Protecting Against Cyber Attacks in a Multi-Cloud World

Working in a multi-cloud climate is quickly turning into the standard for most organizations. In 2018, research from the IBM Institute for Business Value found that as 85% of organizations were currently utilizing a multi-cloud plan, and 98% had plans to utilize numerous hybrid models by 2022.

Fast-forward to 2022, over 2 years into a global pandemic, and now the push to develop a comprehensive multi-cloud strategy has even more urgency. Businesses are managing distributed workforces and relying on multiple cloud platforms for both internal and customer-facing applications.

And remote work in some capacity is likely to remain a permanent fixture in the “new normal.” Pre-Covid, an estimated 5% of full-time employees with office jobs worked primarily from home. Approximately 20% to 30% are expected to continue working from home after the pandemic which welcomes new risks in businesses functioning in this multi-structured environment.

The Risks And Rewards Of Multiple Cloud Providers

Multi-cloud environments offer your business many advantages, including the flexibility to mix and match software for optimization. You have the option to combine multiple providers for internal applications — such as Amazon Web Services, Microsoft Azure, or Google Cloud Platform — for performance, scalability, and cost savings. Many other SaaS applications, used for tasks like email, CRM, marketing, ERP, and product management, can be hosted on any of these cloud providers.

But maintaining multiple cloud providers can also expose your company to serious security risks. Cybersecurity becomes increasingly challenging as your applications and data live in multiple locations and can be accessed in a variety of ways. Some common challenges that companies face include:

  • Security settings, options, and tools are different for each cloud provider, preventing complete visibility in a security analysis
  • Cloud providers have their own security standards and limitations
  • IT employees don’t understand multiple cloud environments and often make mistakes with security configurations
  • Manual deployment won’t work across multiple cloud environments
  • Data encryption and backups are not centralized

How To Identify And Reduce Security Risks

Protecting your data in a multi-cloud environment is dynamic and complex. It’s not as simple as flipping a switch and eliminating your security risks. You must evaluate internal and external components, identify and assess various risks, then implement measures to prevent data breaches. Since cloud providers will continue to release updates and introduce new services, it’s also important to audit and adjust security measures regularly.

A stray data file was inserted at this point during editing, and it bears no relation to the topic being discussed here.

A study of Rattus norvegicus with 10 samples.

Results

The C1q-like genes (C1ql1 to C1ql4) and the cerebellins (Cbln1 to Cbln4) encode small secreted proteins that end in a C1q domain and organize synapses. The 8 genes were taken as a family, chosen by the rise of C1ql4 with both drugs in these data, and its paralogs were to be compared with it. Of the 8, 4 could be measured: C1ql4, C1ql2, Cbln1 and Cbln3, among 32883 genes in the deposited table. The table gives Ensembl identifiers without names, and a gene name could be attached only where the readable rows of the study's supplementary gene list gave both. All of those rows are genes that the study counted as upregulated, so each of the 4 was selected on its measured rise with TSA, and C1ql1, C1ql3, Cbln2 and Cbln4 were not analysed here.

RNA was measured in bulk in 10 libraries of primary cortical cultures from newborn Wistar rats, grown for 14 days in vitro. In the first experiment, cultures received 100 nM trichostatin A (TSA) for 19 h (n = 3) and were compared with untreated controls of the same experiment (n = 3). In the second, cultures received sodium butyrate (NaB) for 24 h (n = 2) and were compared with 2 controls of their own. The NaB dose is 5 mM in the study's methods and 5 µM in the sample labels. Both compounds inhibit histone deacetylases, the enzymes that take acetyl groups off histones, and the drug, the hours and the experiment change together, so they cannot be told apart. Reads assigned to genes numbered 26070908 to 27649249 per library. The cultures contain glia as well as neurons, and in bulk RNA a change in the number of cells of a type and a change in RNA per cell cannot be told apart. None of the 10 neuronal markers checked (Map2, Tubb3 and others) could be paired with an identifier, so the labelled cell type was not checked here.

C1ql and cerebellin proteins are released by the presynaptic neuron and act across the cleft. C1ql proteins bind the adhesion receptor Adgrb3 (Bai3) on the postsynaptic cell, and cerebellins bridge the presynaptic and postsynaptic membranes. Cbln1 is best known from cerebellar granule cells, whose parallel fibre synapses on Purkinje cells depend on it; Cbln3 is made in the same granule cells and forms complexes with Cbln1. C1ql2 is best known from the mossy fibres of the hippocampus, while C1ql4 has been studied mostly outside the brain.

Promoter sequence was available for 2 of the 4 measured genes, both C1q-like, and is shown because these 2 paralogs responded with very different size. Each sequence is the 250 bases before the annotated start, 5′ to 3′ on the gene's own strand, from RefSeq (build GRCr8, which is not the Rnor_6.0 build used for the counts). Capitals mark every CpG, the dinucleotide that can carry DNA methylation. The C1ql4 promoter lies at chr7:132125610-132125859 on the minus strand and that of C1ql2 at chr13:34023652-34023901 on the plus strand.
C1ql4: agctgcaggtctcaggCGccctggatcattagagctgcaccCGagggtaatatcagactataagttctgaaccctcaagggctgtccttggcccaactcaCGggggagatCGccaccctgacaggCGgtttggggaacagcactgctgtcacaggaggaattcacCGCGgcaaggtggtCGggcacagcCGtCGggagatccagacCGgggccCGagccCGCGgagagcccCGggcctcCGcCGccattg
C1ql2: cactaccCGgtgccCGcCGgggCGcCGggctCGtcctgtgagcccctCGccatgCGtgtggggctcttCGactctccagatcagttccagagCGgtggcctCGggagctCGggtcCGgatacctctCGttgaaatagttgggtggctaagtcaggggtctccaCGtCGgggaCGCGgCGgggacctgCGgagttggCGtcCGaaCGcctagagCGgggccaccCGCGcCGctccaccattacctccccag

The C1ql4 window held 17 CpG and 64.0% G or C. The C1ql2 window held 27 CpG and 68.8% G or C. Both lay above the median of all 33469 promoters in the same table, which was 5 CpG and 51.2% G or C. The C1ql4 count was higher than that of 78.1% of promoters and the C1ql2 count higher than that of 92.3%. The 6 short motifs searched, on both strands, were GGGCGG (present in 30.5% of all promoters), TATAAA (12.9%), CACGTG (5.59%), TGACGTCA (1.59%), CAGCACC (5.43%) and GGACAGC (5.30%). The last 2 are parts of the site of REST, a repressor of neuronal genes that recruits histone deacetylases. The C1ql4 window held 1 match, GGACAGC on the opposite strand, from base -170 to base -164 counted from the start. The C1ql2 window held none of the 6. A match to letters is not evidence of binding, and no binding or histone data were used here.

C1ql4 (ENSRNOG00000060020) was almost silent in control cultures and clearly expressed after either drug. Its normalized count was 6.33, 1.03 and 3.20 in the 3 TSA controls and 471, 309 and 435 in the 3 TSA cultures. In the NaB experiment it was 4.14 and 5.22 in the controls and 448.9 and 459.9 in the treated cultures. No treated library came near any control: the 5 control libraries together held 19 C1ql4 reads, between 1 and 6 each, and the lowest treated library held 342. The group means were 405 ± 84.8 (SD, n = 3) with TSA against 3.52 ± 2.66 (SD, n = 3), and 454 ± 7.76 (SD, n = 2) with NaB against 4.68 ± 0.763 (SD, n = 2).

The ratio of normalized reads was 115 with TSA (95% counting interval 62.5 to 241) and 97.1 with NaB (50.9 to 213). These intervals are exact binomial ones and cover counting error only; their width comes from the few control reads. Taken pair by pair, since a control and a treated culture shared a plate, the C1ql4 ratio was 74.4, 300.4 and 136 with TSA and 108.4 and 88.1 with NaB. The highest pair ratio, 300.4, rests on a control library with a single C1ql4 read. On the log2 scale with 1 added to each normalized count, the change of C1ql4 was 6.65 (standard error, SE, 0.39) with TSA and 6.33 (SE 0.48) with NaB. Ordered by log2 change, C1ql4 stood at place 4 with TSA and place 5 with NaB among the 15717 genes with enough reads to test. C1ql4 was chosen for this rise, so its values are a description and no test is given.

Automation is crucial to a successful multi-cloud security plan. By removing human error from deployment and management, you can significantly reduce your company’s risk.

Here are five tips to help you improve security and safeguard data in a multi-cloud environment:

  1. Connect policies

    Define and enforce a unified security policy configuration that connects all of the cloud providers your company uses. Create intelligent and dynamic policies that can detect risks and apply pre-defined rules based on different types of threats.
  1. Centralize tools

    Deploy consolidated security tools for the entire environment, covering multiple cloud providers and on-premise servers. Centralize data encryption, in-transit, and at-rest, with the same policies for data backup across multi-cloud providers. Consolidate identity and access management for IT staff, and implement controls that can monitor and alert all cloud providers of security breaches.
  1. Automate processes

    Set up fully automated security audits, controls, patching, and configuration management when deploying applications across multiple cloud providers. Every DevOps and product management phase should be completely integrated with automation.
  1. Deploy with independent, native-cloud solutions

    Use flexible open-source platforms, like Kubernetes, for deployment rather than cloud-specific servers. Independent solutions allow you to centralize all of your security configurations and minimize managing numerous security options across platforms.
  1. Work with SaaS products

    Instead of building and deploying solutions on the cloud, use SaaS products to consolidate security policy, reporting, deployment, and other functions. The versatility of these products can help eliminate cloud providers’ limitations, improve IT staff understanding, and effectively manage data privacy and backup.

Working in a multi-cloud environment offers your company new opportunities for growth, flexibility, and innovation — but it also makes you vulnerable to new and unexpected security threats. Stay vigilant, and put dynamic, centralized, and automated policies and processes in place to protect your valuable data.

If you do need help in finding a technology solution that can protect your business we can serve as a resource. We broker with over 250 tech providers and can help guide you to a path of cloud security.